Running marathons was not part of the plan. In fact, the mere idea was so daunting. 42.2 kilometres? Yikes! I truly believed this was not in the cards for me, but a handful of elite running friends whom I admired made a formidable distance look like a run in the park. Fast forward to the present and here I am, having just run the Tokyo Marathon and completing my sixth and last of the World Marathon Majors in a faraway and vibrant country, Japan. How lucky am I?
My initial stop was Tokyo to run the marathon and enjoy the whole race experience. This much sought after race receives over 300,000 applications vying for just 35,000 spots. To say there is a running craze for Tokyo is a complete understatement. Coming in late to the lineup of the prestigious Boston, New York, Chicago, London and Berlin, it has become a desirable race for those chasing the coveted Six Star Finisher medal and the bragging rights that go with it.
Leading up to race day was my obligatory visit to the Expo. Collecting the bib process was very organized, with English-speaking volunteers and lots of security. Asics, being the official sponsor, was the most popular area, maintaining a constant stream of shoppers looking for snazzy runners and gear. Forewarning, the Expo is LOUD. There were endless booths with spokespersons shouting in Japanese trying to get your attention.
Tip: if you’re not in a hurry, there are lots of photo booth stops where you can vogue away for those faddy souvenir shots.
When race day arrived, I was pleasantly surprised by my ability to assimilate to the time difference. The 14-hours difference, which seemed intimidating at first, was not even a consideration (amazing what a few nights’ sleep can do). The day itself was overcast and a cool 8C – my kind of running weather (sad, but very true)!
Having the buildup of the run behind me, my post-race days in Tokyo allowed me to tackle my pent up ‘must do, must eat and must experience’ list with sheer determination. One of my personal favorites was renting a kimono and having my hair done in Asakusa, where I later hobbled around the Senso-ji temple grounds in my traditional Japanese sandals.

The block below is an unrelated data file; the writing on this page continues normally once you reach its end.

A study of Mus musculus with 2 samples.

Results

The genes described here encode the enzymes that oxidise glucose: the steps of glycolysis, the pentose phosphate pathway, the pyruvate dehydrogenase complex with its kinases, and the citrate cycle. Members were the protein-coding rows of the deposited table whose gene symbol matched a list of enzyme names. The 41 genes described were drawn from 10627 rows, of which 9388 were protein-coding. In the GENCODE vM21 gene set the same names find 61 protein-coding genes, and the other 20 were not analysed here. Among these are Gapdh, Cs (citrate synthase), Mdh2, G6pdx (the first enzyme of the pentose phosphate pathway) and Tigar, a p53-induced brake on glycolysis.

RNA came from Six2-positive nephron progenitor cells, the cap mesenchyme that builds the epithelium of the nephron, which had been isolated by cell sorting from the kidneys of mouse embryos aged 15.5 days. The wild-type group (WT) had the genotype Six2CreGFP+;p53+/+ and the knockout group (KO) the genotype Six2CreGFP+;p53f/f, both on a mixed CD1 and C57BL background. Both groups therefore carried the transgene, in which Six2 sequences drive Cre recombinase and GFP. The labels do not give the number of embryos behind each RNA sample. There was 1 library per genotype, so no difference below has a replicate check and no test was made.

With Tokyo’s many beautiful tranquil gardens, historic shrines and temples tucked-in throughout, it’s easy to get away from the city’s hustle and bustle. I enjoyed walking through the peaceful Meiji Shrine grounds and relished my traditional tea experience in Hama-rikyu Gardens.
Pop culture is alive and thriving in Akihabara and Harajura. Another must-try experience is a pop culture café. The Monster Café was recommended and it did not disappoint. This unique venue put you on sensory overload the moment you walk in. The funny part is the food was just as colourful as the venue itself. And don’t be surprised if you’re pulled on stage to dance on a rotating cake – only in Tokyo!
My days in Tokyo were filled to the brim and it didn’t take me long to realize that there was so much more to still see and do and I’ve only just scratched the surface. I did manage to have a sake tasting experience, explore the Tsukiji fish market along with a sushi lunch, stand in the centre of the Shibuya 5 street pedestrian crossing (busiest in the world), and, of course, shop in the mega department stores of Ginza, all the while eating my way through many delicious meals and Tokyo’s finest sweets.
As I reflect on my destination races and the end of my six star journey, there comes a bit of sadness as well as joy. The ever-popular question that I get asked frequently is, “what’s next?” Hmmm, I don’t have the answer right now but I’m sure there will be a ‘next’.